One of my google alerts for Sydney today quoted the line from Attenborough's "Chaplin," regarding "The Great Dictator," that "nobody wants to watch a film about Adolf effing Hitler!" Because I am writing the final chapter in Sydney's life at the moment and have just completed the section on his participation in this film, I thought I would prove to everyone here just how wrong this line was and how it would NEVER have been something Sydney would say about the film. Was he concerned with all the money Charlie was paying out on this production? Yes. Did he complain about that and do whatever he could to rectify it? Yes. Did Charlie heed his concerns. No. As Dan James is quoted as saying in David Robinson's biography, it was clear that Charlie had outgrown Sydney by this time. Sad to say, this seems to be true. Clearly, the long separation between the two brothers, brought on by Sydney's self-imposed exile on the French Riviera (they were separated five whole years at one point) and the death of Minnie Chaplin, who by all accounts may have been one of the biggest thorns in Charlie's side, resulted in Sydney being fairly un-influential in the later years of the brothers' lives. Mention of Sydney drops out of "My Autobiography" after the 1931-2 tour!
Anyway, here are a few quotes from letters I've uncovered of the period. Sydney kept up his correspondence with R. J. Minney, British journalist and playwright, into the 1940s and 1950s. In a letter written shortly after Sydney's arrival back in LA to work on "The Great Dictator" production, Sydney writes, "I think it will be one of the best pictures from an interest point of view." A month later, his perspective was even more positive: "I think it will be one of the funniest pictures Charlie has ever made, aside from the topical end of it, which should also be an additional attraction." This letter, written in March 1939, suggests that at least in this moment of writing Minney, Sydney is resigned to the fact of the expenses: "Of course, there are a lot of calamity howlers who are worried about the receipts, but I think the only one who should worry about that is Charlie. His money is going into it & he doesn't give a damn."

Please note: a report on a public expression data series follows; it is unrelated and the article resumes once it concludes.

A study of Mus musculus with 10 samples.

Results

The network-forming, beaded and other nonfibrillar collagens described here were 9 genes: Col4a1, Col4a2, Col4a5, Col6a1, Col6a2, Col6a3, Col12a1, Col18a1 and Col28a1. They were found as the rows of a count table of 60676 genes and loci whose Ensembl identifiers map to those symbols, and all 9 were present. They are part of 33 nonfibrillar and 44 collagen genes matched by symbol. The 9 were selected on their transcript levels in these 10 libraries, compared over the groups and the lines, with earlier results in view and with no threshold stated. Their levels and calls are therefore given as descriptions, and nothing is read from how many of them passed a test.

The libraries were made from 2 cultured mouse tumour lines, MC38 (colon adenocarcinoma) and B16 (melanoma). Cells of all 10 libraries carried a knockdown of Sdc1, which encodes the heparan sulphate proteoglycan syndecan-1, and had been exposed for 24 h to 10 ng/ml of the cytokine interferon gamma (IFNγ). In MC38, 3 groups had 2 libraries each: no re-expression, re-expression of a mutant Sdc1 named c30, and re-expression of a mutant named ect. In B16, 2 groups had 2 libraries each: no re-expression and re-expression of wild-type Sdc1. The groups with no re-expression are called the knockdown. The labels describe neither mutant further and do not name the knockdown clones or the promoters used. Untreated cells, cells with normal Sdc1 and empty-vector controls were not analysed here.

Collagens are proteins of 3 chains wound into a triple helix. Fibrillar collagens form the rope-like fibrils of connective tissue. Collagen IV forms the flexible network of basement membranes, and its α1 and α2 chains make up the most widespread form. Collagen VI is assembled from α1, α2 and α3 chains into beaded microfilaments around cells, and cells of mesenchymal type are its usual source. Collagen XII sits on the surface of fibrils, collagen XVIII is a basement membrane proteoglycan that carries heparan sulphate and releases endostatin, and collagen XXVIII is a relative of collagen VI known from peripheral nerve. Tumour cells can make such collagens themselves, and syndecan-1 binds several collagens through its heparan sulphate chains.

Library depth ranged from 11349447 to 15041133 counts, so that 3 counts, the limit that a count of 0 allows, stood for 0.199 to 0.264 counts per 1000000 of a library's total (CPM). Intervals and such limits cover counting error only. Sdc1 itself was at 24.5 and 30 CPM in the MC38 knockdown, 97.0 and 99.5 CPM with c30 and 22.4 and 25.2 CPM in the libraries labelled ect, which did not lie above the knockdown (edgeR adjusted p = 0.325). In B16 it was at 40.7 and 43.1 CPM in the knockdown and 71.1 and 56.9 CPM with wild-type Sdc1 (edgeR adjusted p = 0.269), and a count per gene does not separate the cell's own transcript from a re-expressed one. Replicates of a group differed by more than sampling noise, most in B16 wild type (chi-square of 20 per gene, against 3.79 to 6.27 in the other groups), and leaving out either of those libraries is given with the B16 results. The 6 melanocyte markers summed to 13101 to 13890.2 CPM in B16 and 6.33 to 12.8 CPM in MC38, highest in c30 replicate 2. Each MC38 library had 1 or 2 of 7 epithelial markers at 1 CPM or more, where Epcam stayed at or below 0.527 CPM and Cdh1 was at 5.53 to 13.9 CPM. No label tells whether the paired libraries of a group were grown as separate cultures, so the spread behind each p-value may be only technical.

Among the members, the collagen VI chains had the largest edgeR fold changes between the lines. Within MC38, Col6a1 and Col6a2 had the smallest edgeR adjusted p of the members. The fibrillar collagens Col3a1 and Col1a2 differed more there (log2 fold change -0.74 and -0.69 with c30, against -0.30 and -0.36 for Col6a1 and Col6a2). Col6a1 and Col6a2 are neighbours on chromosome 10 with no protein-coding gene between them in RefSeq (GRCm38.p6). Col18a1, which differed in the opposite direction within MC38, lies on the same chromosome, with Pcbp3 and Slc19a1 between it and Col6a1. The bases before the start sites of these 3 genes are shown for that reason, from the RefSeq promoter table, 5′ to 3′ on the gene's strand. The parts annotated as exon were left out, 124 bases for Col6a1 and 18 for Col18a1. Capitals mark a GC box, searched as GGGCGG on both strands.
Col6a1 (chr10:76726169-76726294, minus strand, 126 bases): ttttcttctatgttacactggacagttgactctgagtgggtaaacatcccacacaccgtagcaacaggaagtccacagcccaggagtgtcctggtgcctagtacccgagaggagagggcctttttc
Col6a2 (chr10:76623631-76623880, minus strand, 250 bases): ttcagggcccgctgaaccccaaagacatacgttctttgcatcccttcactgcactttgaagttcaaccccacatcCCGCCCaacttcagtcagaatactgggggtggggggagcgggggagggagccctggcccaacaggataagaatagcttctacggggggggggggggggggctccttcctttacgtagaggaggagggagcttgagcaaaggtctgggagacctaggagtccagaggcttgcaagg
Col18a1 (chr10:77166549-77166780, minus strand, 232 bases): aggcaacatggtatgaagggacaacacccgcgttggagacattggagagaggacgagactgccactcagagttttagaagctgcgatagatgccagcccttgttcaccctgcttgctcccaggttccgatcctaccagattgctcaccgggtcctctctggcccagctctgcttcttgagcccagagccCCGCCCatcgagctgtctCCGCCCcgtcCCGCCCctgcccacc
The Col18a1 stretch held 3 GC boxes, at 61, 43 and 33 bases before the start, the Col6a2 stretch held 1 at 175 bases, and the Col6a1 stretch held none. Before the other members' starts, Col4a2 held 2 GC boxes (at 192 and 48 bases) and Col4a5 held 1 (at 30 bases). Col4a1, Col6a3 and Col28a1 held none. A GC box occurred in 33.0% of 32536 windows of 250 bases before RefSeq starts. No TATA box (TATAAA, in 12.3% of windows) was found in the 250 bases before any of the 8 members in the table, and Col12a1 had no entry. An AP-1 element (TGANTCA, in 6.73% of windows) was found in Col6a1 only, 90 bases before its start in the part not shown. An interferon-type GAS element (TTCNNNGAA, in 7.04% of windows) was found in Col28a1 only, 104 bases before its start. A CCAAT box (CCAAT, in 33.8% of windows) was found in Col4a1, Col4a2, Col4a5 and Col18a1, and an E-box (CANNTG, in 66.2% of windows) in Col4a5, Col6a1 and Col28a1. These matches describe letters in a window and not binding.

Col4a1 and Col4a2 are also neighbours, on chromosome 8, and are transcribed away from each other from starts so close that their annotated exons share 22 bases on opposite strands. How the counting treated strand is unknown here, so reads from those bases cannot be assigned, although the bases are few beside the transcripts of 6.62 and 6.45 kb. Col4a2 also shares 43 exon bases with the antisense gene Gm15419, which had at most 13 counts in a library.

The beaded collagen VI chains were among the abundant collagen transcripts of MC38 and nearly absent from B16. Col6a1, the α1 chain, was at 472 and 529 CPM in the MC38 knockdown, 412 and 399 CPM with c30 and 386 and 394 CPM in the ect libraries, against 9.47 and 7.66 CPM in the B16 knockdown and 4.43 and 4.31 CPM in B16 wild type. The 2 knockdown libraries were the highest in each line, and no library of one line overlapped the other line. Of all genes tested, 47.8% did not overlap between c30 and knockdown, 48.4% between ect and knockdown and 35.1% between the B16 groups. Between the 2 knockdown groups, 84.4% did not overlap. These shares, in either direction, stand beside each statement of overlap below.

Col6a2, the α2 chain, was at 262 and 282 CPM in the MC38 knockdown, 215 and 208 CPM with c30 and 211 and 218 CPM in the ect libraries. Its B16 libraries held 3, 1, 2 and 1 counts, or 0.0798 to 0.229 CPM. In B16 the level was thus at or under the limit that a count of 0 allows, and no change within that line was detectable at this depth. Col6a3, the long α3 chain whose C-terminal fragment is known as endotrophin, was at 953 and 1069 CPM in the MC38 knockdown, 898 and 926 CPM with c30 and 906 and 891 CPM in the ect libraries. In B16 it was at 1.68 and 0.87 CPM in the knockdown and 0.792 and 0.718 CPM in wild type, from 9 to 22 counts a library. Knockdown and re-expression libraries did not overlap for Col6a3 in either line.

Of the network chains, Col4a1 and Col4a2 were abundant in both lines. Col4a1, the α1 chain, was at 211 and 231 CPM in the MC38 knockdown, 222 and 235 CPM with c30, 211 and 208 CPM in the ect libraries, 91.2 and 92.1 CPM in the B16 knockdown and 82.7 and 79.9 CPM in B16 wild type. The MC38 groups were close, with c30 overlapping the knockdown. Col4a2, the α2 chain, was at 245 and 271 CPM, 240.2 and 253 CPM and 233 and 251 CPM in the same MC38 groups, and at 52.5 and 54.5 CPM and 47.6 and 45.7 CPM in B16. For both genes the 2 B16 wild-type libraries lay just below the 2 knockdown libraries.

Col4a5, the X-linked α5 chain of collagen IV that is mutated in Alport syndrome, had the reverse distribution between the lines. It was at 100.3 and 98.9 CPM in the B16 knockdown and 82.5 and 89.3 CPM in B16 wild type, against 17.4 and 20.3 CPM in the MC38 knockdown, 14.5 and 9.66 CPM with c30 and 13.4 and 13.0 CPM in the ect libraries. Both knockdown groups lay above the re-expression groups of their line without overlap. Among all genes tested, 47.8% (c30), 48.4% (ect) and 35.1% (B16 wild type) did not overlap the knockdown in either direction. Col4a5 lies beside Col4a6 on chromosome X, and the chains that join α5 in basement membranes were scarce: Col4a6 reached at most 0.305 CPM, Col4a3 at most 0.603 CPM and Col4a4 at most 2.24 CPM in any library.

So, what was Sydney's role? Jack-of-all-trades, is probably the best description. A February 1939 letter suggests that he thought he might receive a speaking role in the film (Garbitsch), but that quickly died away. There is evidence that he was in on writing the script and gag-brainstorming sessions, that he was involved with casting. But a letter written from Havana, Cuba in March 1941 is graphically clear about his position on the production: "When I arrived, I found everything in a dilapidated, run-down condition. [...] I found the property room like a pig sty, filthy with dust and cobwebs. The Sunset house the same way, paper peeling off the walls & the place overrun with rats. You should see the difference now." And this seems to be just the beginning. Sydney found the still room in a shambles with glass plates strewn all about and some broken. He also claims to have had the supervising and letting of contracts for the erection of new buildings and the installation of sound equipment, amongst many other duties that obviously, no one else wanted to tackle. Needless to say, it made Sydney an unpopular character as well--with everyone but Charlie. An unnamed snitch reported him to Immigration and he was forced to escape to Cuba with Gypsy to try to get his paperwork in better order! And "The Great Dictator" marked Sydney's last-ever work on a film production of any kind.
I have about three more chapters to write and a deadline for doing so fast approaching. Better stop blogging and start writing!